Health market inquiry too lenient, says Nehawu
Competition Commission said to have failed to provide ‘recommendations with teeth’
The recommendations of the health market inquiry, released a week ago are problematic and need to be strengthened, the National Education Health and Allied Workers' Union (Nehawu) says.
Nehawu, trade union federation Cosatu’s largest affiliate with more than 280,000 members, said it was in talks with the Competition Commission with a view to giving the recommendations some sting.
At a media briefing in Johannesburg on Monday, the Nehawu leadership said the Competition Commission failed to provide “recommendations with teeth”.
Nehawu’s policy head Sidney Kgara said: “The recommendations are problematic. They were disappointing at many levels. They are coming up with a lot of bureaucratic structures instead of trying to streamline the integration of the health-care system.”
Nehawu general secretary Zola Saphetha said the inquiry was “lenient” with those who contravened the law, noting: “We are speaking to the Competition Commission to restrengthen them [recommendations] because we want to see consequences.”
Saphetha said the private health-care sector was monopolised by three groups which meant they were able to “willy-nilly impose higher tariffs on patients in their narrow focus on profit margins rather than the health and wellbeing of the sick”.
“In this regard, the Competition Commission itself has failed in its duty in allowing mergers and acquisitions of smaller hospitals by these monopoly giants more than the years.”
The 256-page health-market inquiry report initiated in 2013 to probe increases in health-care prices in the private sector, found that the private health-care sector was dominated by three administrators: Discovery, Medscheme and MMI Health.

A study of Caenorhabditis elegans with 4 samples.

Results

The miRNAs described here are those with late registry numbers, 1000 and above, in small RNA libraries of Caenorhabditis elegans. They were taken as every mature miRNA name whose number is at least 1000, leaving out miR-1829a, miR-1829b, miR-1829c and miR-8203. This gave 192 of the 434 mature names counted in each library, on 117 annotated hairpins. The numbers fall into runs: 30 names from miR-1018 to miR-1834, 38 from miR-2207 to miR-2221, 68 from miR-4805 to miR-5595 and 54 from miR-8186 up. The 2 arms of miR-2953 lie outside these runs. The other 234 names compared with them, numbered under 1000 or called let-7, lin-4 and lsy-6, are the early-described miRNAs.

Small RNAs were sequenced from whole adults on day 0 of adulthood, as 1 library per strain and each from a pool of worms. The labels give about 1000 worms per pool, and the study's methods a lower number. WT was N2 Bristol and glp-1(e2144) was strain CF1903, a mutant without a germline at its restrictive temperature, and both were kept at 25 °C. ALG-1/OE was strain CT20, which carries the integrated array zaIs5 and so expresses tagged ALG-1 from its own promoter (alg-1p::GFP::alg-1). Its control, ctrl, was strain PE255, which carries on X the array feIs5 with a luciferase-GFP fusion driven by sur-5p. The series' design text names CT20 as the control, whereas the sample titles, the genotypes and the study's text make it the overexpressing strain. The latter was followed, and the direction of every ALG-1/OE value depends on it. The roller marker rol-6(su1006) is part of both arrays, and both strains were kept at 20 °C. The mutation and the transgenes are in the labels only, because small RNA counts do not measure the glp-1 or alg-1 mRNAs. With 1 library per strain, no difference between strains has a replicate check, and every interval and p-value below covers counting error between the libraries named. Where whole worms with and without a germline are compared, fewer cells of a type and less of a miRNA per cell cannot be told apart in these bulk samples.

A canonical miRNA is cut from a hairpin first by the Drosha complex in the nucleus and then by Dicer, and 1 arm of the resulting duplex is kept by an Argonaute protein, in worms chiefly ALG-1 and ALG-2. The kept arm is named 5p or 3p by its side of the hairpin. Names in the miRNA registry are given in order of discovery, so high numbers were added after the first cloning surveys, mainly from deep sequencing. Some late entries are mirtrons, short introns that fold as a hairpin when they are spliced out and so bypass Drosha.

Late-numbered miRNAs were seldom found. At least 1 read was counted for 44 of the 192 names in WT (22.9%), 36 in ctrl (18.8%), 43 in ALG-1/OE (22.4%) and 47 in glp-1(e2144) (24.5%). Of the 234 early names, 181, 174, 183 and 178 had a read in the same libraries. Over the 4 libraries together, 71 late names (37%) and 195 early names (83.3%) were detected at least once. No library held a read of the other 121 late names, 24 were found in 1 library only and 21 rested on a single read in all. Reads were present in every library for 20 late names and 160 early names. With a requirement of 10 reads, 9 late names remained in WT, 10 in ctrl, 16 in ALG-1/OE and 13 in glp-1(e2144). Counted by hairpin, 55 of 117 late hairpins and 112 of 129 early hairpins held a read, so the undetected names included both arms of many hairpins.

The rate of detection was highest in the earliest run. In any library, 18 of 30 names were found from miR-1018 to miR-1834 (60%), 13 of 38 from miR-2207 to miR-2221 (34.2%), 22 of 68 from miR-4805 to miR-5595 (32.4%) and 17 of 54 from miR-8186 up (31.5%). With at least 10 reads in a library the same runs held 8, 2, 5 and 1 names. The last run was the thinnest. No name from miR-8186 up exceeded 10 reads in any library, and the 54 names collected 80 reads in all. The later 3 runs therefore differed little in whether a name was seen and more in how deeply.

These collectively accounted for more than 80% of the administrator market, resulting in high barriers to entry. It was also found that Netcare, LifeHealthcare and Mediclinic accounted for 90% of the private hospital market, with Discovery Health medical scheme being the largest scheme in the open scheme market, followed by Bonitas.
The inquiry, chaired by former chief justice Sandile Ngcobo, recommended, among other things, that to improve governance and to align schemes’ interests with those of consumers, the remuneration packages of executives, principal officers and trustees be linked more explicitly to the performance of the schemes.
The schemes were called upon to encourage greater member participation in annual general meetings. The inquiry also noted that the “exclusionary nature” of provider networks could, in some instances, result in the exclusion of efficient competitors and raise the barriers to entry.
It was recommended that practitioners should have the option to opt-in or out of open networks provided they adhere to a predetermined notice period of between three and six months.